See faculty biographies below for more information.
Daniel Herman specializes in American cultural history, American Indian history, the American West, Jacksonian America, and the Civil War. He has published three books, a dozen scholarly articles, and some thirty book reviews and encyclopedia articles. His first book, Hunting and the American Imagination (Smithsonian Institution Press, 2001), won the 2002 American Historical Society/Pacific Coast Branch book prize. His second book, Hell on the Range: A Story of Honor, Conscience, and the American West (Yale University Press, 2010) was chosen as a Pima County Library Southwestern Book of the Year. His newest book, Rim Country Exodus: A Story of Conquest, Renewal, and Race in the Making (University of Arizona Press, 2012), won the Labriola Center American Indian National Book Award and the Charles Redd Center-Phi Alpha Theta Book Award in Western History.
Chong Eun Ahn-Assistant Professor
Dr. Ahn teaches courses on modern China, East Asia, and comparative colonialisms and nationalisms. She recently finished her dissertation entitled “From Chaoxian ren to Chaoxian zu: Korean Identity under Japanese Empire and Chinese Nation State.” It examines the identity formation of ethnic Koreans who were treated as colonial subjects in the Japanese empire and then categorized as ethnic minorities in the People’s Republic of China (PRC). She is also interested in critical Asian American studies, and participates in various Asian American public history projects in the Pacific Northwest.
Brian D. Carroll-Assistant Professor
Dr. Carroll teaches courses on early America, environmental history, military history, and gender and masculinity. He is also affiliate faculty member of CWU’s American Indian Studies program and is active in Pacific Northwest public history. Having written articles and book reviews for The William and Mary Quarterly, Ethnohistory, and the New England Quarterly, he is currently revising a book manuscript about New England Indians in the British colonial military. He works with graduate students on topics relating to early American (pre-1830) history.
Jason Dormady - Graduate Program Coordinator for 2015/2016 AY
Dr. Dormady teaches courses on Mexico, religion in Latin America, modern and colonial Latin America, Revolution, Borderlands, and topics in World History. He is the author of Primitive Revolution: Restorationist Religion and the Idea of the Mexican Revolution, 1940-1968 (UNM Press, 2011), editor of Just South of Zion: The Mormons in Mexico and Its Borderlands (UNM Press 2015) as well as studies on Mennonites and free market reforms in Northern Mexico and clerical / parishioner disputes in Morelos. His current research includes research on the urban planning in Guadalajara and North Atlantic perceptions of Latin American spirituality.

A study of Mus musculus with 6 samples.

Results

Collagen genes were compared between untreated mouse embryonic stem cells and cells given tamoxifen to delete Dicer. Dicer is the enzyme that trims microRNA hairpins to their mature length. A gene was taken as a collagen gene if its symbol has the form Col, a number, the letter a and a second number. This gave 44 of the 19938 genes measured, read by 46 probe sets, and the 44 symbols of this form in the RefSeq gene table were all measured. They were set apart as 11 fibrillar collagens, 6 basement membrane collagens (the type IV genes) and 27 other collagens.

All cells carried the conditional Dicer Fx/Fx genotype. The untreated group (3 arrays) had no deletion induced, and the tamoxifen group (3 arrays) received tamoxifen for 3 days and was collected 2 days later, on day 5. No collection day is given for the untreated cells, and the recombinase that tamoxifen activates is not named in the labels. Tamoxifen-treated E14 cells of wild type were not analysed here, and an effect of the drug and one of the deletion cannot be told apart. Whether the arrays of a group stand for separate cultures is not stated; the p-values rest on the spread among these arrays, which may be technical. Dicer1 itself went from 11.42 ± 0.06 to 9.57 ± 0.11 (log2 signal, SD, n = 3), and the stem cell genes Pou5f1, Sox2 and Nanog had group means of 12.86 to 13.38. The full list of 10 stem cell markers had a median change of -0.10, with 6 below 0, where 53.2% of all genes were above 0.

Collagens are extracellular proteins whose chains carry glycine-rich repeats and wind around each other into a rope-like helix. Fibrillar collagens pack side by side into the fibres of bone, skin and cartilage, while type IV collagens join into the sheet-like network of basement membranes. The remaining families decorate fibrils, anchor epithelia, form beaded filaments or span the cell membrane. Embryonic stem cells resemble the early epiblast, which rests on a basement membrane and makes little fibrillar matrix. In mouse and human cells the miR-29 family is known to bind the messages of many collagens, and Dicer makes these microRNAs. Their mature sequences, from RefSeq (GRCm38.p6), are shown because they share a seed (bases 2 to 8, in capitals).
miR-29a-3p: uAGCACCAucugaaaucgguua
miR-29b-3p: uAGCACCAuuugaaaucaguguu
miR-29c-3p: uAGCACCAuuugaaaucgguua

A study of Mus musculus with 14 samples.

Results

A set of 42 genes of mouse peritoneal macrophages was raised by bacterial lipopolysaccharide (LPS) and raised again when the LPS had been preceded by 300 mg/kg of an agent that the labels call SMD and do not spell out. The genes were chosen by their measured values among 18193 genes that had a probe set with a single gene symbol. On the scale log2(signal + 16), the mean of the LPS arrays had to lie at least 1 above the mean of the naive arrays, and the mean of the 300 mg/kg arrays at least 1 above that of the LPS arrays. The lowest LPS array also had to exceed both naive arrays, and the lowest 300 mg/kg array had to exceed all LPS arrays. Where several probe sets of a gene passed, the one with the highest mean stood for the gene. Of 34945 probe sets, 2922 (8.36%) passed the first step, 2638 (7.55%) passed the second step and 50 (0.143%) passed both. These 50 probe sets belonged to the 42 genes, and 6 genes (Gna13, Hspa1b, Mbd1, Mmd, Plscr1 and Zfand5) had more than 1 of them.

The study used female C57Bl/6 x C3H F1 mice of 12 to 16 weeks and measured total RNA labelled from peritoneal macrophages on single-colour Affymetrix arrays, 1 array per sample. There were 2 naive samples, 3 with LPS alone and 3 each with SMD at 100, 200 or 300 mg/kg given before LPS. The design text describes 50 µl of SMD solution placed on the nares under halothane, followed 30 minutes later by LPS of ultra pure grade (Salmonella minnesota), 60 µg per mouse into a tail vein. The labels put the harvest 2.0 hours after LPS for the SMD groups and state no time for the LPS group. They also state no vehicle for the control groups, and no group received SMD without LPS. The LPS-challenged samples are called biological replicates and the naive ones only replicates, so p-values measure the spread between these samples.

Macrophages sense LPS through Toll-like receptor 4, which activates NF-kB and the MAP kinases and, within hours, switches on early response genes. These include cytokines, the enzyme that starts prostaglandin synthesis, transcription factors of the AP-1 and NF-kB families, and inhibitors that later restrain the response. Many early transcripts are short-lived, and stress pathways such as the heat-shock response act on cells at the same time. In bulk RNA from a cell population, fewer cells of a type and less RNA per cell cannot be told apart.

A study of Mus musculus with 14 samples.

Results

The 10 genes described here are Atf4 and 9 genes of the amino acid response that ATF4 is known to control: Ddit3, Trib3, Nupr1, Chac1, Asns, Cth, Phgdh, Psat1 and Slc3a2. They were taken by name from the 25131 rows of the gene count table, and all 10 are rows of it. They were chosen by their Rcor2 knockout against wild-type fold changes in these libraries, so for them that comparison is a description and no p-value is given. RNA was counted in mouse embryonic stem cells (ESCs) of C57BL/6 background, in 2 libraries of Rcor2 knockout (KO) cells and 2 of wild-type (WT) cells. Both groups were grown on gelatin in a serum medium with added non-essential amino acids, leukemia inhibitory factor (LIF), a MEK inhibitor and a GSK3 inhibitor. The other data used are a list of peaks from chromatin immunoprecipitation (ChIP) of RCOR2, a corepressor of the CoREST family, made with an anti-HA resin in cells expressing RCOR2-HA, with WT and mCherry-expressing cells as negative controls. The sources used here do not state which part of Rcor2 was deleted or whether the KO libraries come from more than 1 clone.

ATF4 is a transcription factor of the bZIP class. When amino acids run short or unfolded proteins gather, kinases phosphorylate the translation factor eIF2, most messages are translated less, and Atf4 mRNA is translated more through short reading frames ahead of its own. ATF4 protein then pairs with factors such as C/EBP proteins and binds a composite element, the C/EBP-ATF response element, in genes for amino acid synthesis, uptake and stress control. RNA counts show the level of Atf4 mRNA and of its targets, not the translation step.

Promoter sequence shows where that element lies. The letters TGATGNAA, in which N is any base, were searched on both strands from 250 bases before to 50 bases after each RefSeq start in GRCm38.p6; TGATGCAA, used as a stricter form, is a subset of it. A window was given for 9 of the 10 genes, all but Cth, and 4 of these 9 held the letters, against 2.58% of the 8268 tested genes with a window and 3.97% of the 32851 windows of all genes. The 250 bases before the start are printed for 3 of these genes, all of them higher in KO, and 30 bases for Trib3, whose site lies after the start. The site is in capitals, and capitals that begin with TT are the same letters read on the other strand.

Dr. Easley's recent research includes her latest book, The Emancipation of the Serfs in Russia: Peace Arbitrators and the Development of Civil Society and articles on nineteenth-century Russian writers and reform. Presently she is researching another book manuscript on people of mixed ethnic heritage in Alaska and Canada. She works with graduate students interested in any and all aspects of the history of Russia and Eastern Europe, from the medieval period to the fall of communism.
Lacy Ferrell-Assistant Professor
Dr. Ferrell teaches courses on pre-colonial and colonial African history. She recently completed her dissertation, “Fighting for the Future: A History of Education in Colonial Ghana, c. 1900-1940,” which traces the rising interest in schooling among Ghanaian families and children and how local engagements with schools shaped ideas about education, gender, space, and childhood. Her research on schooling in colonial Africa includes work on childhood, gender, urbanism, and migration.
Jason Knirck- Professor
Dr. Knirck teaches modern Irish, British, and western European history. He is the author of three books on the Irish revolution: Women of the Dail: Gender, Republicanism and the Anglo-Irish Treaty, Imagining Ireland's Independence: The Debates over the Anglo-Irish Treaty, and Afterimage of the Revolution: Cumann na nGaedheal and Irish Politics, 1922-32, which will be released in January 2014 from the University of Wisconsin Press. He is currently working on a book-length study of the development of parliamentary opposition in the Irish Free State, and works with graduate students interested in modern Irish, British or French history.
Dr. Moore teaches courses in Pacific Northwest history, Canadian-American borderlands relations, American foreign relations, and social studies teaching methods. Recent publications include award-winning articles in both the American Review of Canadian Studies and Pacific Northwest Quarterly. He is currently working on a book-length manuscript that explores the Canadian-American relationship in the Pacific Northwest during the prohibition era.